Travellers to the coast over the long weekend will have noticed a conspicuous absence.
The new sign for Pooh Bear’s Corner on Clyde Mountain is already back at the Narooma Men’s Shed for repairs after it was found pelted with what appears to be shotgun bullets earlier this month.
It’s only been in place since late September last year, following a weeks-long makeover commissioned by the Eurobodalla Shire Council (ESC).
Volunteers from the Men’s Shed painstakingly took the original sign apart and restored each component, while local artist Rose Gauslaa added a Disney-style Winnie-The-Pooh digging a paw into a pot of ‘Huney’ on one side and a painting of his forest home on the other.
It didn’t take long for the community to show love to the new sign, with many new stuffed toys popping up at the site over the past four months.
However, ESC mayor Matthew Hatcher says the sign was removed about 10 days ago following a report of damage.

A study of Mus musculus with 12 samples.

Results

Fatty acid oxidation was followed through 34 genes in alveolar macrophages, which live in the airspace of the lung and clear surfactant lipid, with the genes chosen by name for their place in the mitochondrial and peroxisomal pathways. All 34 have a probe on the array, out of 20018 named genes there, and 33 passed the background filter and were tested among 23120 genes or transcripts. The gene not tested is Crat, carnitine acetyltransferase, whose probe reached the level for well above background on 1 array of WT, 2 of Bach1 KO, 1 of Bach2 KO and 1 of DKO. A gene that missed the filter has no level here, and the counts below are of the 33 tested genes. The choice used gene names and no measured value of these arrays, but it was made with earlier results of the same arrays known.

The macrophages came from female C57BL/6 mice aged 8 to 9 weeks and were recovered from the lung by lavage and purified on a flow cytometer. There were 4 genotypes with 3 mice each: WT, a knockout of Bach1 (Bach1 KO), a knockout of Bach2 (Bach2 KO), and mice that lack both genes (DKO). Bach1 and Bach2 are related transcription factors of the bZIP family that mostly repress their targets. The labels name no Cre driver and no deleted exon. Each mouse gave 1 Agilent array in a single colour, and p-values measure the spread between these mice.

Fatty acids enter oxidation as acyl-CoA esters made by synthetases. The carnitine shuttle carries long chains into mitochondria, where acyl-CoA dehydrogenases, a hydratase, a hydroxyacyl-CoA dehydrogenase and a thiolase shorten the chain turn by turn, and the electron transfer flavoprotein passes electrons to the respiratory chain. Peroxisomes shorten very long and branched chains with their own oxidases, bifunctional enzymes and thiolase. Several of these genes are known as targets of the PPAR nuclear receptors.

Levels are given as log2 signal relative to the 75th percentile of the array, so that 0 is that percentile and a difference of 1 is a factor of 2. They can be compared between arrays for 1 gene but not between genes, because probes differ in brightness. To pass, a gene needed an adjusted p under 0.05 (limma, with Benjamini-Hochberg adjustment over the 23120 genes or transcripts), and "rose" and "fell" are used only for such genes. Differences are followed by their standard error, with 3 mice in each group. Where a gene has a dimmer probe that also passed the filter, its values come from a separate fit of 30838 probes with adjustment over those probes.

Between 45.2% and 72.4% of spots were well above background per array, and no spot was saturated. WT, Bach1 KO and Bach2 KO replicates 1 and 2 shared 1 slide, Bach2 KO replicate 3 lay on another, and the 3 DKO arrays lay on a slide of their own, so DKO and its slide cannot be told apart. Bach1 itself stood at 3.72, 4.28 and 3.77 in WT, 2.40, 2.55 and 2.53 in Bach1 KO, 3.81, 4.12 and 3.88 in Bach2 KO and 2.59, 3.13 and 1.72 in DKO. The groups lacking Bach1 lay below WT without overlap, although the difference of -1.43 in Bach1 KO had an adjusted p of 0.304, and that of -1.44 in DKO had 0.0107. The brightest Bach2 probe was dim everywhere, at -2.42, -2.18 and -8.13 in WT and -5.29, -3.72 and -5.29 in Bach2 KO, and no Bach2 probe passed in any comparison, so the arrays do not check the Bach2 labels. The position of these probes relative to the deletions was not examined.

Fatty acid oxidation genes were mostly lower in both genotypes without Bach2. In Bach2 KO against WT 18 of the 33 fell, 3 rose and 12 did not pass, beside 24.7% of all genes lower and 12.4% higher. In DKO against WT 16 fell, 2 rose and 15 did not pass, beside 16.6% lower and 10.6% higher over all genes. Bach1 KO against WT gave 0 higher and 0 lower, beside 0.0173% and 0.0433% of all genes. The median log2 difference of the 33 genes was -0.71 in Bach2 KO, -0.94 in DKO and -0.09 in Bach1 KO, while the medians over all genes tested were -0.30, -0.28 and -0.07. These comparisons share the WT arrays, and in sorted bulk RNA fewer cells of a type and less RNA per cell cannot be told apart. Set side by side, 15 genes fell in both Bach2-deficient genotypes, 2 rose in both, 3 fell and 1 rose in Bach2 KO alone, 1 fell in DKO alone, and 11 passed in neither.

“Someone who drove past sent me a photo saying that it was damaged,” he says.
“Two days later, the Narooma Men’s Shed had taken it down for repairs.”
Mathew wouldn’t “confirm or deny” the cause of the damage, but David Tricket from the Narooma Men’s Shed has no doubts.
“Someone’s gone past and shot it.”
David says the metal backing is severely pockmarked in places and Pooh has had “his nose blown off more or less”.
“We were worried about spray paint or something like that, but we never considered it would be shot at.”
Graffiti is the most common form of vandalism at the site, but the sign and stuffed toys in the small cave behind it have also been sprinkled with fuel and torched a number of times over the years.
David says the volunteers are getting on with replacing the sign’s plastic sheeting and patching the timber, but they’re clearly gutted.
“It’s disappointing,” he says.
“Up until last week, it hadn’t been touched. Loads of people coming past have put bears and all sorts of stuffed animals in the little cave behind it, and somebody had even tied Christmas tinsel around the signposts. It put our shed in the ups in general.
“You want to break a finger or something on whoever did it, but it’s one of those things – no good crying over spilt milk.”
The matter has yet to be reported to the police because David isn’t confident anything will be done.
“I considered it, but a lot of signs on these sorts of country roads have shot marks in them, so I don’t think the police will be very interested in another one.”
A laser-engraving machine will take some of the time-consuming work out of the repair, and Rose is already hard at work restoring the artwork. David expects the sign to be reinstalled at the site next week.